Nottinghamshire County Council is facing a three-year £154m budget challenge and has proposed savings of £83m for 2014/15.
These savings are wrapped up in 122 proposals which seem mostly to mean fewer people (800 jobs will go) trying to do the same amount of work as before and things such as [reducing] ‘the number of Older Adults living in long term care who are financially supported by the County Council’.
I’ve seen all sorts of reaction on twitter to this.
Oh no I haven’t.
I’ve only seen one reaction, an ‘outraged of The Park’ type reaction, to the proposal to cut – all of – the £94,500 grant the council gives to Nottingham Playhouse.
My view is that arts businesses are just that, businesses of a sort, and ..
1. Must now survive in a world of reduced or disappeared-completely subsidy.
2. Think more about what kind of art might fill the theatre (or gallery) with both more of the usual (older, whiter, middle-classer, whatever they say about diversity) audience and a broader-than-the-usual audience (everyone else, whatever they say about diversity).
3. Promote it better and encourage more people to come to see it because some of it is very good and worth seeing, but sometimes when I’ve been to the Playhouse it’s not been even nearly full, even for the very best of material (I’m thinking Bo Burnham in particular).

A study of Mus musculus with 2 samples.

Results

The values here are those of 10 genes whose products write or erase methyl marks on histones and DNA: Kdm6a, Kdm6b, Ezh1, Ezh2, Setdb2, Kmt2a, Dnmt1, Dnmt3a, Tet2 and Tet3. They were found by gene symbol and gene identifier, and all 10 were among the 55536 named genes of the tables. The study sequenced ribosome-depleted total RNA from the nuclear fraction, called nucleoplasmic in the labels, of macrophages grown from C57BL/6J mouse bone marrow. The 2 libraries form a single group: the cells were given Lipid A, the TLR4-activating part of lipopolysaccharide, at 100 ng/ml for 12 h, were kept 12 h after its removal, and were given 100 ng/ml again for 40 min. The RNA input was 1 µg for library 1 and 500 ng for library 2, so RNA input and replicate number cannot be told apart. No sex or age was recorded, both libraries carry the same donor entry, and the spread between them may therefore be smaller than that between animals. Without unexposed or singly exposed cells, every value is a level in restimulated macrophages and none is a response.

I think Nottingham Playhouse already does all of this pretty well and can survive a £95k cut because its work is of almost the highest quality and it deservedly sells-out some of its shows. It will just be a little bit tougher to get the balance right between the pantomime and The Caucasian Chalk Circle – commercially as well as artistically.
Life, and local government, is about choices. Only 47% of the Playhouse’s punters are County residents and when faced with cutting services for the most vulnerable in society it’s understandable that the County Council might feel that the arts can take a hit.
Look at the maths. The Playhouse has 770 seats. For argument (I don’t know for sure) let’s say there are shows on 220 nights a year. That’s 169,400 seat nights per year.
The proposed saving amounts to a ticket price increase of just 56p if every show sold out, only £1.12 if they average only half full.
Against the prevailing wisdom maybe, and with apologies to Nottingham’s twittering classes, I think it’s better that the punter enjoying a bit of art for fun of an evening has to reach a bit deeper into their pocket than that even more ‘older adults’ have to be denied care at home.